Since last weekend was a rainy and boring one, in my part of the world, I decided to upgrade my laptop running Fedora 23 to Fedora 24. After encountering a few problems with the straight upgrade, I ended up reinstalling Fedora 24 from scratch. To save my old data I mounted /home directory to the old /home directory (without re-formatting the old partition) when prompted during installation. Long story short, after upgrading I discovered that Wireshark needed to be built from sources for this version of Fedora. So, I decided to take advantage of the powerful tool called Docker.
My idea was to build a Docker container that would run Wireshark inside, would be able to capture data on the host network interface and would forward GUI to my host machine. I was glad I remembered how X11 works and learned how can you actually use a GUI app inside a Docker container.
Here are some useful links I used to document this implementation:
Let’s have a look at the Dockerfile used to build the wanted wireshark image:
From ubuntu:16.04 MAINTAINER Mihai email@example.com # Installing required additional software RUN apt-get update -y RUN apt-get install wget bzip2 -y # needed for wireshark download RUN apt-get install gcc python -y RUN apt-get install perl pkg-config libglib2.0-dev libpcap-dev gtk2.0 -y #Download and build latest wireshark RUN wget https://1.eu.dl.wireshark.org/src/wireshark-2.2.1.tar.bz2 RUN tar -jxf wireshark-2.2.1.tar.bz2 RUN /wireshark-2.2.1/configure make make install RUN ldconfig </i></b> ENTRYPOINT ["wireshark-gtk"]
Let’s break down the Dockerfile to see what’s going on.
I decided to install Wireshark on Ubuntu 16.04 (inside the container):
After that I needed to update Ubuntu container and install some prerequisites to be able to install wireshark:
RUN apt-get install wget bzip2 -y # needed for wireshark download RUN apt-get install gcc python -y RUN apt-get install perl pkg-config libglib2.0-dev libpcap-dev gtk2.0 -y>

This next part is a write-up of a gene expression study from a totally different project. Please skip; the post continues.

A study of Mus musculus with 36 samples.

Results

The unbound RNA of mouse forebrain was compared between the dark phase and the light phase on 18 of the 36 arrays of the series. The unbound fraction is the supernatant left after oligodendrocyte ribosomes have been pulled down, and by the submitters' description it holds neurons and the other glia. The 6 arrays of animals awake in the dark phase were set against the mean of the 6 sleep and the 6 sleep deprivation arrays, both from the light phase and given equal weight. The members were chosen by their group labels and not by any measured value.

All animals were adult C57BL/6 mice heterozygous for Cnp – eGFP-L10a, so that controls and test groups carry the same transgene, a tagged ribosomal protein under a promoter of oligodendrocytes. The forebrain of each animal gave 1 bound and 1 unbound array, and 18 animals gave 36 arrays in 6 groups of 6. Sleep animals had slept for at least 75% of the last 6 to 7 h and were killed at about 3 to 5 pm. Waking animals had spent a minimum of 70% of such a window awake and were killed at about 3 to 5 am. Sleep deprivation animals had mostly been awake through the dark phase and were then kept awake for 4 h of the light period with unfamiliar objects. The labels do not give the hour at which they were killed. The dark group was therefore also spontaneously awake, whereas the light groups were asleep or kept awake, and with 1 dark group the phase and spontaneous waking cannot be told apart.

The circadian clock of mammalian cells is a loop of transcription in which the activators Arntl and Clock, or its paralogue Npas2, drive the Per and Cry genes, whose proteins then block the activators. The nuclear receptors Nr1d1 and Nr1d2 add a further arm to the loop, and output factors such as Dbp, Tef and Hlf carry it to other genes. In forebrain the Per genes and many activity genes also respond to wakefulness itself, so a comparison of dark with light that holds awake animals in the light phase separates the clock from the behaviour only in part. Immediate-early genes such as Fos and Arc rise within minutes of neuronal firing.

Next step was to grab the wireshark sources archive; unzip it and execute the well known ./configure && make && make install procedure to build it from sources. Note that you need to provide the absolute path :
RUN wget https://1.eu.dl.wireshark.org/src/wireshark-2.2.1.tar.bz2 RUN tar -jxf wireshark-2.2.1.tar.bz2 RUN /wireshark-2.2.1/configure && make && make install RUN ldconfig
The final step was to designate an entry point (a default action that will be execute when this image will be instantiated):
To use this container you will need to have Docker up and running on your host machine:
service docker status Redirecting to /bin/systemctl status docker.service docker.service - Docker Application Container Engine Loaded: loaded (/usr/lib/systemd/system/docker.service; disabled; vendor preset: disabled) Active: active (running) since Mon 2016-10-10 09:17:41 EEST; 42min ago [/doc] <b>Docs: https://docs.docker.com</b> You then need to run below command to allow all X clients to connect to your X11 server: <b>$ sudo xhost +</b>
access control disabled, clients can connect from any host
Go ahead and download the image with:
docker pull costache2mihai/dockerizedwiresharkformsources
Now you can run it (start a container based on that image) with:
$ docker run -ti --net=host --privileged -v /home/mcostache/Ezuce:/root -w /root -e DISPLAY=$DISPLAY costache2mihai/dockerizedwiresharkformsources
Note that I’ve mounted a volume (folder /home/mcostache/Ezuce ) where I have stored some pcap’s.
If all goes well, on your screen you will see a window like:
Running container with “--net=host --privileged “ options allows us to capture traffic from host machine interfaces, and since we mounted a folder with pcap’s we can open those capture to analyze traffic.
More About the sipXcom Project:
From 2010 to 2015, sipXecs primary development contributions were provided by the development team at eZuce, Inc. The sipXcom open source communications project was established in January of 2015 from a fork in the sipXecs project by the development team at eZuce, Inc. With the creation of sipXcom, this team shifted its focus to contributing to the new project and no longer maintains sipXecs code nor participate in the SIPfoundry forums.
The experts who have helped to build sipXecs into the incredible product that it is will be found in the Google Groups firstname.lastname@example.org (https://groups.google.com/d/forum/sipxcom-users) and email@example.com (https://groups.google.com/d/forum/sipxcom-dev).